Everyone assumes animated films made by Disney – or their Pixar Studios brand – are intended for younger audiences.

The colors are bright, the plotlines are largely wonderous in scale, the content is cheerful and easy to follow from start to finish.

Soul, the third Pixar feature from Oscar-winning director Pete Docter, isn’t for kids by any stretch of the imagination although it’s not at all inappropriate. Children just aren’t the intended audience, or at least, not when they are kids’ age.

Docter adapts his screenplay with One Night in Miami screenwriter Kemp Powers to imagine the essence of what gives humanity its purpose and individuals their personality. It’s an existential, thoughtful feature set in a genre that has the freedom to go anywhere and mold the indescribable into a visual wonderland.

Audiences follow Joe, an aspiring jazz musician stuck teaching middle school band whose soul is transported to “the great beyond” just as he’s about to catch his big break. Through a partnership with a new soul simply called 22, Joe must make his way back to his body in time for the performance of a lifetime.

There’s so much heavy material and references to worldly philosophies that younger viewers aren’t going to appreciate Soul as much as they did Docter’s prior films – Academy Award winners Up in 2009 and Inside Out in 2015. Soul lacks the cinematic balance to keep children engaged with the complex narrative themes despite a humorous script that rewards patient viewers.

But for adults who grew up on Disney’s animated classics, Soul strikes a resonant chord of pairing the childlike wonder of animation and twisting it for a lofty thematic purpose.

Much of the burden to make Soul work falls on the shoulders of Jamie Foxx, who carries Joe through an ever-winding tumult of situations with a kind heart, yet exasperated longing for something more. Foxx gives Joe a soft-spoken quality that renders him almost sheepish but serves the character well as he delivers lines with a sly half-smile that will charm viewers to his side.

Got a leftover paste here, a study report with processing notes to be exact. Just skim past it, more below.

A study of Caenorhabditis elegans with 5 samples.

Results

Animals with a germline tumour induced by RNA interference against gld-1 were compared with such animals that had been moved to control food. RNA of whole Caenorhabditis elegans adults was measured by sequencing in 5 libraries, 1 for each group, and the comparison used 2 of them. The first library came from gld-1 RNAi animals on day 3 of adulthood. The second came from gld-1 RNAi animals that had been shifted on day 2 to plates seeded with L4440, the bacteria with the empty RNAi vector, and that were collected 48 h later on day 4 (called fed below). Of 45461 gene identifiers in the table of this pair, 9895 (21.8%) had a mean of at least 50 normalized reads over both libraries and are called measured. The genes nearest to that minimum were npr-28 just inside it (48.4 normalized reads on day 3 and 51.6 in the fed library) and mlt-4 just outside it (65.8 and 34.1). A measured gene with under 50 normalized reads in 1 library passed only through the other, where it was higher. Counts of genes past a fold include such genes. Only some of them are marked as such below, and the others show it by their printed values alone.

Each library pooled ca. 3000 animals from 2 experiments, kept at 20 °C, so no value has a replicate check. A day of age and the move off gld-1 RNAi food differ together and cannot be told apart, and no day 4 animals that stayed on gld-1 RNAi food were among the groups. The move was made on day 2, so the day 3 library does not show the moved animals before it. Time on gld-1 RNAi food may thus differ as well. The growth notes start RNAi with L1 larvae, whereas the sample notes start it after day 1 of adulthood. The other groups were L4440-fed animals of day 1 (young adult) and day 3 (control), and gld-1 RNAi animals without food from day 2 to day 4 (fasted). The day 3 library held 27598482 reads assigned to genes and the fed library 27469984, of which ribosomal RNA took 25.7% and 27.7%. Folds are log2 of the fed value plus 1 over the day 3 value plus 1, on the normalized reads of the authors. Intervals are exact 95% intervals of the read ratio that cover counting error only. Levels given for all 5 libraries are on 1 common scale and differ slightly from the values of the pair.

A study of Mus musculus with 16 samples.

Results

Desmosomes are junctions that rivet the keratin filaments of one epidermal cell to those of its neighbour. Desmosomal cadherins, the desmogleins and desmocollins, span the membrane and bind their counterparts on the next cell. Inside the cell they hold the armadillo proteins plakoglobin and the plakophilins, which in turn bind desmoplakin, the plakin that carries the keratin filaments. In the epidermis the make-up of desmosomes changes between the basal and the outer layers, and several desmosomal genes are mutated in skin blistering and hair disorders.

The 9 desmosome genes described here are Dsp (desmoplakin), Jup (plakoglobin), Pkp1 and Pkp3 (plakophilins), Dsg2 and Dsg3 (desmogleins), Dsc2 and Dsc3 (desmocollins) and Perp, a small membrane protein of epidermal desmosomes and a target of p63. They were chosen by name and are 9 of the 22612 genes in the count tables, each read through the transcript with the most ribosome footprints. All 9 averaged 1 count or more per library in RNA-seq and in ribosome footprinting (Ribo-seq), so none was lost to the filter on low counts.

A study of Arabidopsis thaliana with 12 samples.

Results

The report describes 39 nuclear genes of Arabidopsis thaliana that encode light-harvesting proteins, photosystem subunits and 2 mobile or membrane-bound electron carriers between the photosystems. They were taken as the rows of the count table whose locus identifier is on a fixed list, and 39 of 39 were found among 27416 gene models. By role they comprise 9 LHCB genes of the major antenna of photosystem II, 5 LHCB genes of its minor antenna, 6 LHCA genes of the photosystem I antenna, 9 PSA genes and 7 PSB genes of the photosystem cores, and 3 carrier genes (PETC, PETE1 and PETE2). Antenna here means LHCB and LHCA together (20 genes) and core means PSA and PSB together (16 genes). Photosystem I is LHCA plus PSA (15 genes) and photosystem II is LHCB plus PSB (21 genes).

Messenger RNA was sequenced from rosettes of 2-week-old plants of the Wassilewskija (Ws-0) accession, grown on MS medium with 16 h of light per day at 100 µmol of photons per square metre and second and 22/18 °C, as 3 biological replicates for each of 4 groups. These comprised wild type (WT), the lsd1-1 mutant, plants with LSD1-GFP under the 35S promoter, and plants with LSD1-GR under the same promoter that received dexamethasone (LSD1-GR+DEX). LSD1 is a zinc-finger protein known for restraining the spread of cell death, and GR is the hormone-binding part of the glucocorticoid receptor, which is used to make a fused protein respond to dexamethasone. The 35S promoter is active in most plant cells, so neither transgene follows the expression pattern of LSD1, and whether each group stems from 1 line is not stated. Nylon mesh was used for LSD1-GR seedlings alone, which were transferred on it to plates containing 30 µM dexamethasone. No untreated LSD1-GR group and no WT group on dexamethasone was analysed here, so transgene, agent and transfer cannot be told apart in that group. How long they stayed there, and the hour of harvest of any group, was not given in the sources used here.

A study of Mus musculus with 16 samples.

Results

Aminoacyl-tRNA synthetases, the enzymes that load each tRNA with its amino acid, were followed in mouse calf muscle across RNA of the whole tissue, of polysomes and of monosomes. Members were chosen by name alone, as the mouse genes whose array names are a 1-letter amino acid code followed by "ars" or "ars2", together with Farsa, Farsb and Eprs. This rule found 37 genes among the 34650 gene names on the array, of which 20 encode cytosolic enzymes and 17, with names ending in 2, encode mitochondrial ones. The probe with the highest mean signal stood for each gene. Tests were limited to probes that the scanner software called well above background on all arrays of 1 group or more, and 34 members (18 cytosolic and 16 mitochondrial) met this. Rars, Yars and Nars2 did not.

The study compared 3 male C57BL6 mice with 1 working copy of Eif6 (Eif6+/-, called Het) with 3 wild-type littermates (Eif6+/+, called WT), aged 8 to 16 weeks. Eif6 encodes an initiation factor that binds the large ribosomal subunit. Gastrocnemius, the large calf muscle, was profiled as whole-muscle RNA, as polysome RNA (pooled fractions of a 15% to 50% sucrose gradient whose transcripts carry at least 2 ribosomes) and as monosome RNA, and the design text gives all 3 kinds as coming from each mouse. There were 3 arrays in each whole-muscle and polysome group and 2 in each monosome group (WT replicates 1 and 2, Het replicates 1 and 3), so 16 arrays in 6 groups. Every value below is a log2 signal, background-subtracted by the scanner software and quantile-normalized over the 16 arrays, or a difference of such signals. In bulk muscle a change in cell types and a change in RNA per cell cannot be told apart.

The Oscar-winning actor provides the right blend of warm humor with introspective dramatic work and the animators capture a similar presence in constructing Joe’s tall, lanky body for the big screen.

Comedienne Tina Fey is a plucky, dynamic choice to voice 22, almost mimicking Ellen Degeneres’ turn in the Finding Nemo films but with a tad more snark.

However, with the majority of the cast representing the African American community and Soul being the first Pixar film with a Black leading character, Fey doesn’t quite feel like an ideal casting choice.

Soul is a transfixing visual delight, popping through an array of animation styles as Joe and 22 bounce from the real world to “the great before” and places in between. Docter and his team of visual artists flawlessly capture the relentless energy of New York City while still invigorating two-dimensional imagery with character that showcases where Joe comes from in his love of music.

A lock for a Best Animated Feature nomination at this year’s Academy Awards, Soul will be a frontrunner in the category along with the AppleTV+ feature Wolfwalkers and the film’s robust score, penned by Oscar winners Trent Reznor and Atticus Ross as well as jazz pianist Jon Batiste.

Originally slated for a theatrical release for Christmas 2020, the decision by Disney to move Soul to their Disney+ streaming service at no additional cost offers viewers the opportunity to engage with the film on their own time and in a more relaxed, pensive way that benefits the overall viewing experience.

Children won’t appreciate Soul like they might Docter’s previous Pixar films, but when they grow up, they may find this reflective feature to age like a fine wine.